CRB loophole remains a concern

Written by: HTU | Published:

A loophole in proposed new legislation could enable adults who have been banned from working with children to take-up voluntary posts in schools and social clubs, a legal expert has told Headteacher Update.

A loophole in proposed new legislation could enable adults who have been banned from working with children to take-up voluntary posts in schools and social clubs, a legal expert has told Headteacher Update.



Concerns have been raised over the loophole in the Protection of Freedoms Bill, which is currently in its final stages of debate before it receives Royal Assent.



Safeguarding expert Dai Durbridge has told Headteacher Update that if it is made law in its current form, the legislation would enable adults to work in schools or places such as sports clubs without Criminal Records Bureau (CRB) checks and even if they are barred from working with children.



The government's Bill is proposing that volunteers who work with children do not need to be CRB-checked or checked against the barred list if they are working under supervision with children.



As the Bill stands, a supervised volunteer in a school would not be undertaking “regulated activity" and therefore no checks would be required.



Mr Durbridge, a specialist in safeguarding issues with education law firm Browne Jacobson, claims this will enable “dangerous" adults to build up relationships with children by volunteering to work in schools or other places such as local sports or social clubs.



Furthermore, Mr Durbridge said the changes could mean teachers and school staff find themselves unsure whether a supervisor is suitable to be in close contact with children.



Mr Durbridge told Headteacher Update: “If this Bill is passed in its current form, it puts children at risk in schools and also those children who attend things like sports clubs. A dangerous adult would see this loophole and the teachers, children or parents will never get to know whether the supervisor or volunteer is barred from working with children.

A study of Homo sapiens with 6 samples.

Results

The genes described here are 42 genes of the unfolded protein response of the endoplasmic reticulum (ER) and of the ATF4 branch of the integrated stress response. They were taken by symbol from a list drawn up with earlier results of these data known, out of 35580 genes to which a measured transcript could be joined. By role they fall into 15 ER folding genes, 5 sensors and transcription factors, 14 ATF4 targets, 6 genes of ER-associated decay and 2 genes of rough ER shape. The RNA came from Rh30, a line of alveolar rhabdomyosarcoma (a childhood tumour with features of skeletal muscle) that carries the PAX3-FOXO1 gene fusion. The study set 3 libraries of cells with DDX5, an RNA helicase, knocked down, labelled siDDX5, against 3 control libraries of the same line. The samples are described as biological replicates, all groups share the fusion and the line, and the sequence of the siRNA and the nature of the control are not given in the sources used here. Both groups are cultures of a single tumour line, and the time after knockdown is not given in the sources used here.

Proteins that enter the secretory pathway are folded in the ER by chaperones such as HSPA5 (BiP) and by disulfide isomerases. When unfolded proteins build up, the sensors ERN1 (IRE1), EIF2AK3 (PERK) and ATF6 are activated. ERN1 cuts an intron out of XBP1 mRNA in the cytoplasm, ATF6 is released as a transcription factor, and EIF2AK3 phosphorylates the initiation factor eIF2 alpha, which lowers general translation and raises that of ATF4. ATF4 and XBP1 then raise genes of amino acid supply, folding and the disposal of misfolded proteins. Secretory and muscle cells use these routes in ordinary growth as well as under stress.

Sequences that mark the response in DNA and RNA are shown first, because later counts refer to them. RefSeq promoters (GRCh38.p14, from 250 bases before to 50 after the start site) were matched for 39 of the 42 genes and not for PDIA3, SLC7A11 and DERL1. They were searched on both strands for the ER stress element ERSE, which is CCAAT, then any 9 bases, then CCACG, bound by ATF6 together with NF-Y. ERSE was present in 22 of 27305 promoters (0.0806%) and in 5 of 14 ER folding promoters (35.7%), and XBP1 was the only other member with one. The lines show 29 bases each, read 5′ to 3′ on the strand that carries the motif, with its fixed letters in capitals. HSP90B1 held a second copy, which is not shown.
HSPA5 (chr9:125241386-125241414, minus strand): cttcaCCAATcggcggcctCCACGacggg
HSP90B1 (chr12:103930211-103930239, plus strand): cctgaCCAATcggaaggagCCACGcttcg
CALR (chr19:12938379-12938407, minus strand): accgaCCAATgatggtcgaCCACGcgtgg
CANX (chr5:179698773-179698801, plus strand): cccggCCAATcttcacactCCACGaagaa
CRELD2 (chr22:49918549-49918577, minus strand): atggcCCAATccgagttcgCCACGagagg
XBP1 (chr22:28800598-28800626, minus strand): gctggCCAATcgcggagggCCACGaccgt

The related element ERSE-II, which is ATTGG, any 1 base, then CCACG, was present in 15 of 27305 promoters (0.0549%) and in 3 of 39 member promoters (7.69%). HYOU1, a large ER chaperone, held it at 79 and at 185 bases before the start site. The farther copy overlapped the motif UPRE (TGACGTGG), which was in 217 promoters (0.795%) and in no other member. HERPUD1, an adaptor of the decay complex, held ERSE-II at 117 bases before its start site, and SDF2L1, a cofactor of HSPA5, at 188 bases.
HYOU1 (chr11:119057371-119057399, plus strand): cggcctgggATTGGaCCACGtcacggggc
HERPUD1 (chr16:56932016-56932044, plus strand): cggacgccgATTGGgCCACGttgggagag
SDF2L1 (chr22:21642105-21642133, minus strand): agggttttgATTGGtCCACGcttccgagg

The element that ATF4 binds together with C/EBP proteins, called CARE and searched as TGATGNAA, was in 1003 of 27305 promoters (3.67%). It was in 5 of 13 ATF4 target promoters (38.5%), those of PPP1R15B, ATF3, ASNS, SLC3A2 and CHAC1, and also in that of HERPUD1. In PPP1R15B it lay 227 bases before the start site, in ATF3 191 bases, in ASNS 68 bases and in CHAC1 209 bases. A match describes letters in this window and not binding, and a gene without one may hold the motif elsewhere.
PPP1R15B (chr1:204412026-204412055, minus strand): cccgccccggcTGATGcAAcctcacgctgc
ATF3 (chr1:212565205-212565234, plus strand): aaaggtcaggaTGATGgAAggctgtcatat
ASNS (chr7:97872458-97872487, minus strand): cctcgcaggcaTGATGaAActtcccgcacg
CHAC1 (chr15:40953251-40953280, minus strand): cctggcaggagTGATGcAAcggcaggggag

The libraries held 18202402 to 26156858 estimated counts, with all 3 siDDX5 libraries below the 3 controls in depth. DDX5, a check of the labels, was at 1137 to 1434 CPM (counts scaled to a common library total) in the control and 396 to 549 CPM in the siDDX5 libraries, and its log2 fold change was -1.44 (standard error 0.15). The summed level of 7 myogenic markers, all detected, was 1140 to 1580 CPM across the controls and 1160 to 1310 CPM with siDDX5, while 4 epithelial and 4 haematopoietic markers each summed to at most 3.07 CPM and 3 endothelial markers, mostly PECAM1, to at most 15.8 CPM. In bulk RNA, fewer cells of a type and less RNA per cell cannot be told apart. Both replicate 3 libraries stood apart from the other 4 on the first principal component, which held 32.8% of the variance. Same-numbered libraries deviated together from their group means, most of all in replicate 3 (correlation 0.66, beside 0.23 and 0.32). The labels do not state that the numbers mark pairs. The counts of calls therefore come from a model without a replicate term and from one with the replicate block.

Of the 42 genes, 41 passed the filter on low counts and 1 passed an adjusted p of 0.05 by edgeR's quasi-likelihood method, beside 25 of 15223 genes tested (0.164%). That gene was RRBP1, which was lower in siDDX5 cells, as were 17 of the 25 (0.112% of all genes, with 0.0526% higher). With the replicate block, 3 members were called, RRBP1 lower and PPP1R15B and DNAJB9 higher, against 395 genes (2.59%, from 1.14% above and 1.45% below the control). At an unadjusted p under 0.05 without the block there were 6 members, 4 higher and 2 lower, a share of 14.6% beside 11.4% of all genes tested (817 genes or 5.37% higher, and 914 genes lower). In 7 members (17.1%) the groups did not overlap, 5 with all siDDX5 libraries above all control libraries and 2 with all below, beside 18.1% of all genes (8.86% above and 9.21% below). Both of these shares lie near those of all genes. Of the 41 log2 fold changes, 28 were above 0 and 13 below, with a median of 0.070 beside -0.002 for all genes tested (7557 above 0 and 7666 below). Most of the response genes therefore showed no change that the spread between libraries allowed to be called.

“A predator would see this and believe this is as an opportunity to become involved in sports clubs or volunteer in schools so they could build relationships with children. It is a very serious risk and very concerning.



“It also sends the wrong message across to the general public and the teaching profession that a member of staff can be sacked or barred for an offence but if they still want to they can continue working with children."



In the House of Lords, heated exchanges took place on the issue last week when Lord Bichard claimed that if the Bill is passed in its current form it will enable “dangerous and manipulative" adults to take advantage of children.



Lord Bichard was the author of the 2004 report produced in the aftermath of the murders of Holly Wells and Jessica Chapman by caretaker Ian Huntley. The report shaped the current system of enhanced disclosure criminal checks for all applications for positions in schools.



He told the House: “We know that checks cannot be fool-proof, but surely we owe it to our children to take reasonable and quite simple steps to prevent those whom we know are a risk from gaining privileged access to children, even if they are subject to supervision.



“They must do that because children assume that adults who are trusted to offer guidance or instruction to them can be trusted not just in limited circumstances such as the youth centre or playing field but wherever they are encountered."



Labour peer, Lord Harris agreed that children coming into contact with those adults will “assume that they are safe". He added: “The bond of trust, and it does not have to be a very strong bond, will be built up and created. When they see that individual elsewhere, perhaps in the town centre, loitering near their school or wherever it may be, they will assume that that person is as safe for them there as in the supervised context."



Mr Durbridge echoed these fears: “This (the changes) ignores the fact that children see all adults in schools and other settings as appropriate and trustworthy. It allows an adult to build a trusting relationship during schools hours and to exploit it out of hours. In other words, to groom and then abuse a child.



“This will also put a constant doubt in the mind of parents because the supervisors won't be vetted or will not know if they have been barred and could lead to a distrust of all volunteers."



Despite this, Lord Henley, minister for crime prevention, argued that the changes are necessary because the current system contains “unnecessary red tape and discourages volunteering".



The Protection of Freedoms Bill is currently awaiting its third and final reading in the House of Lords.